Chemical manufacturers say delays in bringing new chemicals to market — an unanticipated consequence of the updated Toxic Substances Control Act (TSCA) — are hurting their businesses and stifling innovation, Chemical & Engineering News reports.
Six months ago Congress updated the 40-year-old law, requiring new testing and regulation of thousands of chemicals used in everything from cleaning products to paint thinners and clothing. And now there’s a backlog of new chemicals waiting to be reviewed. As a result, paints and coatings are threatening to move their businesses overseas where they won’t have to deal with strict regulatory burdens.
Unlike the old TSCA, the new law requires the EPA to test all existing and new chemicals to determine if they pose a threat to human health or the environment. It also gives the agency authority to request additional toxicity data from manufacturers.
Since the TSCA amendment was signed into law, only 33 of the 308 new chemicals under review have been allowed to enter the US market, C&EN writes.
While chemical manufacturers’ trade group, the American Chemistry Council, supported the reformed law when it passed Congress, at a public meeting on Dec. 14 in Washington, DC, the ACC questioned the EPA’s approach.
“We believe that much of EPA’s approach today is creating a backlog and time delays in bringing new chemistries to market,” said Karyn M. Schmidt, ACC senior director of chemical regulation. “We are seeing that effect now,” she said, adding that the backlog “is becoming more serious with time.”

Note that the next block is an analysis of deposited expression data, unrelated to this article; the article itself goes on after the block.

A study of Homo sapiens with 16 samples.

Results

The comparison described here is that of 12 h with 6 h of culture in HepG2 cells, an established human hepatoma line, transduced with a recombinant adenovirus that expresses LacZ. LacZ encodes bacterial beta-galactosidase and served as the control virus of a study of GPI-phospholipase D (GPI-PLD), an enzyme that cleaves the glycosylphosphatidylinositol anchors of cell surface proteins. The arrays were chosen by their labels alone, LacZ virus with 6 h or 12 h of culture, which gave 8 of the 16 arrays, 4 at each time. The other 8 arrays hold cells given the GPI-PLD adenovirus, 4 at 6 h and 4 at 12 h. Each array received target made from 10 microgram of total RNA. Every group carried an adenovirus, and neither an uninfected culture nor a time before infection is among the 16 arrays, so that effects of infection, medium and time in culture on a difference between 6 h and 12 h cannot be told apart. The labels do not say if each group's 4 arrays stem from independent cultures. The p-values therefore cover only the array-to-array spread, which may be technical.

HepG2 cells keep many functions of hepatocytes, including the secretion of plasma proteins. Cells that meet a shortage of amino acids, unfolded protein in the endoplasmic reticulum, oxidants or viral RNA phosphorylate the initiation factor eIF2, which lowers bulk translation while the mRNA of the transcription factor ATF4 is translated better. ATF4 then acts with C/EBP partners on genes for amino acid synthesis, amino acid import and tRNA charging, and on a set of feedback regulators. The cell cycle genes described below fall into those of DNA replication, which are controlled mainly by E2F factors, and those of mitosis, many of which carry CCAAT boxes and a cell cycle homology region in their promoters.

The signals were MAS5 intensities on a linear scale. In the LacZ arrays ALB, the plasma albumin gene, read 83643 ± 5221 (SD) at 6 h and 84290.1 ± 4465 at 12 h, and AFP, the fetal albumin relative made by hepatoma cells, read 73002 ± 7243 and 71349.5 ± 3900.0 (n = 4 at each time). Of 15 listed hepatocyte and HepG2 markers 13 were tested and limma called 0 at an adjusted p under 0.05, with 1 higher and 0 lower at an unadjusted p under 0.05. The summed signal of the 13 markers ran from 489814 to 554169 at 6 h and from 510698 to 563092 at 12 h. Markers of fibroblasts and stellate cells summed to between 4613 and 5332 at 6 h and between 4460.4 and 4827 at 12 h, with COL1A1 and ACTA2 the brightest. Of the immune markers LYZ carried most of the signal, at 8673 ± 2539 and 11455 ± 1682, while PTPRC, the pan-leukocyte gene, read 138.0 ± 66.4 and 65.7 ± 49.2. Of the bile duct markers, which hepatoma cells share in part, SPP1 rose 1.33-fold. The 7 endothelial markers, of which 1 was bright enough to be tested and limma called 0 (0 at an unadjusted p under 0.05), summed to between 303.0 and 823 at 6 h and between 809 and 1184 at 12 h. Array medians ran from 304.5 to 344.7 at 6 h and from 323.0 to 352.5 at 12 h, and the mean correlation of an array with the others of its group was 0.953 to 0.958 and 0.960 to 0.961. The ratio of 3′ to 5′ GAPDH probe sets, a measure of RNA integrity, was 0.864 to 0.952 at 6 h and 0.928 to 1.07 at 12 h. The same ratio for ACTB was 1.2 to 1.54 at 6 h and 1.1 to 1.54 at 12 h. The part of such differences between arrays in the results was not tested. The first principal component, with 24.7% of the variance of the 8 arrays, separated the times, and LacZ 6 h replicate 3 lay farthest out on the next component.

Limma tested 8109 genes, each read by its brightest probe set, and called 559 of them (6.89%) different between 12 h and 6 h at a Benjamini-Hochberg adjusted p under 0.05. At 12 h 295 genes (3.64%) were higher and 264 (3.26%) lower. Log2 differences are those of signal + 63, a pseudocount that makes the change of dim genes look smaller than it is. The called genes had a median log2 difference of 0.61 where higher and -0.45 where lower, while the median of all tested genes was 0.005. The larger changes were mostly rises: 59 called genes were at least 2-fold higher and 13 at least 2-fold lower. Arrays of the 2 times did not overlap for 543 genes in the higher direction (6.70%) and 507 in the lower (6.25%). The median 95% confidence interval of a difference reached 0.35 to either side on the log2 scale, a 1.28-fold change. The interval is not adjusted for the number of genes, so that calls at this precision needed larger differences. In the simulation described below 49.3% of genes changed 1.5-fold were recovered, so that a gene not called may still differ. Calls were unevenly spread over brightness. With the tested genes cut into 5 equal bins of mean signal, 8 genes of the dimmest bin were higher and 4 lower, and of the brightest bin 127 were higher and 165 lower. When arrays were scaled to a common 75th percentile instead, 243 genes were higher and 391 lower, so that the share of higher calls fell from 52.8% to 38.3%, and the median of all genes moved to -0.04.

C&EN also reports Jim Cooper, senior petrochemical adviser at the American Fuel & Petrochemical Manufacturers, urged EPA not to venture too far into the hypothetical when it assess new chemicals. “What ifs can go too far,” Cooper said.
Last month the EPA named asbestos and nine other chemicals as the first 10 substances it will evaluate for potential risks to human health and the environment under the updated TSCA. And earlier this month the agency proposed a ban on some uses of trichloroethylene (TCE) under the new law because the agency says it poses health risks when used as a degreaser and a spot removal agent in dry cleaning.